Plymouth is located on Devon’s south coast between the River Plym and the Tamar. With the city centre offering visitors fantastic shopping facilities as well as beautiful architecture, the Barbican and Sutton Harbour are a joy to explore with cobbled streets and art galleries, which sit alongside cafes and restaurants in the old port area. With the likes of Sir Francis Drake and the Pilgrim Fathers setting sail from its shores, and its military significance, Plymouth is a fascinating location for a city break.
Evidence shows that the name Plymouth, which means mouth of the River Plym, dates back to 1211, with settlements also in the area far earlier in both the Bronze and Iron Ages. The importance of the port of Plymouth would see raids during both the Hundred Years’ War which saw many battles take place between the English and the French, as well as attacks by the Breton Raiders.
Steps were taken to secure the area of Plymouth and fortifications were constructed across the city, at Mount Batten and Sutton Pool, with the Royal Citadel built under the instruction of King Charles II, following the Dutch Wars which took place in the 1660’s.
Sir Francis Drake famously departed from Plymouth on many quests including on 15 November 1577, when he led a fleet to circumnavigate the world, and later when he engaged in the Spanish Armada. Drake later became Mayor of Plymouth and a statue of Drake can be found at Plymouth Hoe. The Pilgrim Fathers also began their journey from Plymouth on a voyage to create a colony in the New World, with Plymouth Colony established in America in the 1620’s.
The city played a significant role during both World Wars, with Plymouth’s sizeable naval base HMNB Devonport which is the largest in Western Europe, used for repairs and escort vessels and as well as Plymouth being a port of entry for troops. As a result the city was a target of bombing and through the Plymouth Blitz the city was devastated, with the loss of over 1000 lives. Today Plymouth is still home for the Royal Marine Commandos, and more can be learnt about Plymouth’s fascinating maritime history at the Mayflower Museum located at the Barbican.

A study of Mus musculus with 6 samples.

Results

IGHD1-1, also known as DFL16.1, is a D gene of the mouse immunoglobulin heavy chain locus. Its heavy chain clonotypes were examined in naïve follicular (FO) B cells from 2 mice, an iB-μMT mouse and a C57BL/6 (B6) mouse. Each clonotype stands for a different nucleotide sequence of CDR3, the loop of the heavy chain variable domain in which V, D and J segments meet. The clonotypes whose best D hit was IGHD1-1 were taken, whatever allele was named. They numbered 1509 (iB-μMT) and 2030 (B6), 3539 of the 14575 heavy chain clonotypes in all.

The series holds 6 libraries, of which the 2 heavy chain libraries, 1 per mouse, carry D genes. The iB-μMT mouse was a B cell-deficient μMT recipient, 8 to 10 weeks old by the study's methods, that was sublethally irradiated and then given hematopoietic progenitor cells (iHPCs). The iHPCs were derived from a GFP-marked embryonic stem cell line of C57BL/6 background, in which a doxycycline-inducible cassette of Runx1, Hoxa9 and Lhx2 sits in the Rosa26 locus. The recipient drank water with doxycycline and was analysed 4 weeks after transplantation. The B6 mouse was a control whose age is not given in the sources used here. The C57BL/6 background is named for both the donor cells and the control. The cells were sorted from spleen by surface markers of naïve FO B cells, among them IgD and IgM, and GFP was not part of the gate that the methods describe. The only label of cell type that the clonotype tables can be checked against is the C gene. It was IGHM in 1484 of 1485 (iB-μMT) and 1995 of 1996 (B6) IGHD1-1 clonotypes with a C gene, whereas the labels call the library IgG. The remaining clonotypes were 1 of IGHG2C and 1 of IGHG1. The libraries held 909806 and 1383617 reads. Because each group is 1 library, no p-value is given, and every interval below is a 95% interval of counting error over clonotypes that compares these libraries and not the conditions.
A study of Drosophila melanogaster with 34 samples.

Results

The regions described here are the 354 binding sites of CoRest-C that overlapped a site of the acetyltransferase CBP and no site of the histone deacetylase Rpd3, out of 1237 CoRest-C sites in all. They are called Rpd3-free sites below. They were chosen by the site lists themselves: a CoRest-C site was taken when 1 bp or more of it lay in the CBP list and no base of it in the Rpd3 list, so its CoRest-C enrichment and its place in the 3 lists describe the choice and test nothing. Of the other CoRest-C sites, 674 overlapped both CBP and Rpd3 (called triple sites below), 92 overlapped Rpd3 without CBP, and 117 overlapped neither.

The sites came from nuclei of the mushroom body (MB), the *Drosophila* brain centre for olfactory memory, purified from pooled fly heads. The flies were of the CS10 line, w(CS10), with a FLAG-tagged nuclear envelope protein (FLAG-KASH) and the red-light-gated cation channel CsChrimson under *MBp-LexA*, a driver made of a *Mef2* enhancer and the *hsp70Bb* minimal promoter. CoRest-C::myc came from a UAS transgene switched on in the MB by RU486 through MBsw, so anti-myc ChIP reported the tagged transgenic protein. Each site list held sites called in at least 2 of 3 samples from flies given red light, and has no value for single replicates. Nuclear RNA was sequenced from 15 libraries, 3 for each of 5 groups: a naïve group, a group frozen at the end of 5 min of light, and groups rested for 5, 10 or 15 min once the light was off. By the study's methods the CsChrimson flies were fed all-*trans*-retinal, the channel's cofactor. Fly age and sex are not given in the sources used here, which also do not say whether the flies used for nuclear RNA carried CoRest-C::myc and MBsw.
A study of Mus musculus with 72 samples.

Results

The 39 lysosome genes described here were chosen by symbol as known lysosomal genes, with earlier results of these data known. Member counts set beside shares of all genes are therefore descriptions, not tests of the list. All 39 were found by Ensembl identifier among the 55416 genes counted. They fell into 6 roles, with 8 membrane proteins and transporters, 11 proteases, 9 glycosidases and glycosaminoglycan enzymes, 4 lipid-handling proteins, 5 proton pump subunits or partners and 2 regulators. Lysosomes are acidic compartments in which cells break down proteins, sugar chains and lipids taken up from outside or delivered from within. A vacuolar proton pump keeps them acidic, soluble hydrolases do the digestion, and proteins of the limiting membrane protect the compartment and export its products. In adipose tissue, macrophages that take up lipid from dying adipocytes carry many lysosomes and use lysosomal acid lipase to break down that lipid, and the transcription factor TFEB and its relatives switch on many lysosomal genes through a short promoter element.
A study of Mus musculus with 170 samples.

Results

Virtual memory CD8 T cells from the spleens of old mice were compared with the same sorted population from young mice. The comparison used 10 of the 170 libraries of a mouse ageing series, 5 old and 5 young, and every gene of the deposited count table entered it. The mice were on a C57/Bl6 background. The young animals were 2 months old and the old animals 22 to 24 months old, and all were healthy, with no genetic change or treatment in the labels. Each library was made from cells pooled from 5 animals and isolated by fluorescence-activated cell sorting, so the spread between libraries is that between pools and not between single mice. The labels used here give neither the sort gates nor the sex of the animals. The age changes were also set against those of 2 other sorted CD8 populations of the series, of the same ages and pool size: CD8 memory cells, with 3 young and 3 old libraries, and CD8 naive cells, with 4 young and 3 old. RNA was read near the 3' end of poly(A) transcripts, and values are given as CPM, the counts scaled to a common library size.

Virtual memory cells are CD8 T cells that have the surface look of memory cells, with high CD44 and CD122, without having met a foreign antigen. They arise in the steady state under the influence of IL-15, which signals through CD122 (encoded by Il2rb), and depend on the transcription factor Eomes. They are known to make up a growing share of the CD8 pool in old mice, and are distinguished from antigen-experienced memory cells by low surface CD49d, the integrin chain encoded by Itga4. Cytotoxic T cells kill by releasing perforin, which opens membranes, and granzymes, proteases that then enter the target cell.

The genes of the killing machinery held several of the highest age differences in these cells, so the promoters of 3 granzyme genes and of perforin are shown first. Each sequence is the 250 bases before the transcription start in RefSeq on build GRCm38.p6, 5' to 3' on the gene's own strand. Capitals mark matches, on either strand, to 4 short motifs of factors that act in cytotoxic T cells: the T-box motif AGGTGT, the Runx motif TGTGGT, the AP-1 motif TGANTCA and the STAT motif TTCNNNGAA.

Plymouth is a historic and cultural city and home to the Armed Forces Day Celebrations and the British Firework Championships which are held on its waterfront each year. The city has also been a focus in popular culture.
Films & TV
Alice in Wonderland (2010) was directed by Tim Burton and starred Mia Wasilkowska together with Johnny Depp and Helena Bonham Carter, and featured scenes shot in and around Plymouth.
Currently in post-production and as yet untitled, Mike Leigh’s biopic of the life of artist J.M.W. Turner stars Timothy Spall together with Marion Bailey and Dorothy Atkinson, with the Plymouth area again chosen as a prime filming location.
In Which We Serve (1942) was directed by Noel Coward with Mountbatten proving the inspiration for this war film. A number of the final scenes were filmed in the naval station and dockyard in Plymouth.
Sir Joshua Reynolds – was born in Plympton a suburb of Plymouth on 16 July 1723, and was an 18th century painter whose Grand Style work focussed on portraits. Reynolds was knighted in 1769 and was a founding member of the Royal Academy, of which he was the first President.
Tom Daley – the Olympic medallist diver and TV personality was born in Plymouth on 21 May 1994, and more recently has also hosted Splash! In which he coaches celebrities to dive.
George Passmore – was born in Plymouth on 8 January 1942, and is known together with Gilbert Prousch as the artist collaboration Gilbert and George. Recognised for their distinctive style in both sculpture and picture, the pair have received many awards for their work including the Turner Prize.
The distinctive Seaton’s Tower Lighthouse dates back to 1759, and was dismantled from its original location at Eddystone and reconstructed at Plymouth Hoe as a memorial for John Smeaton, the famous civil engineer. With the Lighthouse open to the public in September 1884, the original foundation and old tower remain in place near the current lighthouse on the Eddystone Rocks.
The Royal Citadel dates back to the 1660’s and overlooks Plymouth Sound, a bay at the eastern end of Plymouth Hoe. The Royal Citadel remains a military location and is home to the Royal Artillery 29 Commando Regiment. Made of local limestone, the 1st Earl of Bath John Granville laid the foundation stone which remains in place today. The imposing baroque gateway was designed by Thomas Fitz, and the walls of the Citadel measure over 70ft high.
Plymouth Naval Memorial
The Plymouth Naval Memorial is one of three designed by Sir Robert Lorimer and feature sculpture by Henry Poole, which were constructed to remember those sailors who lost their lives in World War I. The other memorials are located in Chatham and Portsmouth, with the three sites Britain’s main naval ports. The memorial was expanded upon to commemorate sailors who died during World War II, with Sir Edward Maufe responsible for the design and William McMillan and Charles Wheeler for the sculpture. Over 20,000 sailors who had no known grave are commemorated at the memorial.